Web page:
To move, or not to move your feet, a solid weightlifting question. To beginners, I like to cue people to “jump” off the ground during the clean or snatch. I’ve found this cue to be effective in that it teaches people what full extension (extension of the hips, knees, and ankles) feels like. I’ve also used/heard cues such as “slide your feet out” or “make noise with your feet”, and although these can be helpful to an individual, they certainly have a time and place.
When an individual jumps, that person is sending power through the ground and is in turn trying to elevate their body as high as possible. Our feet elevating is just a consequence of sending power down through the ground and the momentum carrying us up. Now I want to clarify why we need to be cautious when we just focus on “moving our feet” or “making noise”. Just as a reminder, when our feet leave the ground we want it to be a result of full extension or “triple” extension. If we just focus on moving the feet or making noise with the feet, sometimes we forget about producing force with our hips. Confused? Try standing up nice and tall, pick both feet up off the ground, what happens? Your mass drops, and that is the complete opposite of what we need to happen when we perform the clean or snatch. Additionally, the noise you hear from picking up your feet is just a bi product of you falling/your mass dropping towards the ground. In other words, I can just stand nice and tall and make noise with my feet all I want and still not produce any upward force.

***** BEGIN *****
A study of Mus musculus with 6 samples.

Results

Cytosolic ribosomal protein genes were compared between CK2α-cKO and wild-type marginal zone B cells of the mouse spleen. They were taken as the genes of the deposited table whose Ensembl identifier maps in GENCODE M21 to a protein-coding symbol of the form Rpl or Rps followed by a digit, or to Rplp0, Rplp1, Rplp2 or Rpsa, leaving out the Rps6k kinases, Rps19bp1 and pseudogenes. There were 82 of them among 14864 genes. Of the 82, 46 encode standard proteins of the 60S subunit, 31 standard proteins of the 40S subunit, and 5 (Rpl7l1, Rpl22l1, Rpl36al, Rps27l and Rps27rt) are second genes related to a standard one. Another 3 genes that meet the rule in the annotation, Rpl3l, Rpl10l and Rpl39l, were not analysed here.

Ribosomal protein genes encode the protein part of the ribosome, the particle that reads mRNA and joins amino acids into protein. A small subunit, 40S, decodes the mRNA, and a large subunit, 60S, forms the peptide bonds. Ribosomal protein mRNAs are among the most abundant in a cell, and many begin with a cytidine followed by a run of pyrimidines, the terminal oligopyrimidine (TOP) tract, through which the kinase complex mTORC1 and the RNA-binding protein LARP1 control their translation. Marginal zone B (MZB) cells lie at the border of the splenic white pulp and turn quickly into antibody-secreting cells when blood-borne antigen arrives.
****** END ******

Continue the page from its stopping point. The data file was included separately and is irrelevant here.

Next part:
Anyway the point I’m getting at is this, move your feet! Just be careful going about HOW you move them. Are they moving them because you are trying to generate as much upward force as possible, or are you moving them without full extension and just to make noise. Here’s an article that goes a little bit more in depth about what I just spoke about, check it out here if you guys have a little bit more time!
As always there are a ton of different ways to perform the clean or snatch. As you become more seasoned with the lifts, it’s ok to experiment with little tweaks here and there. For example, some people like to start with a wider stance, some like a more narrow approach, and so on. Always remember though, we most produce as much upward force as possible in order to move that barbell! I hope I was able to help some of yo understand the movement a little better, if not I’d be more than happy to clarify or talk more about it in person! Happy lifting!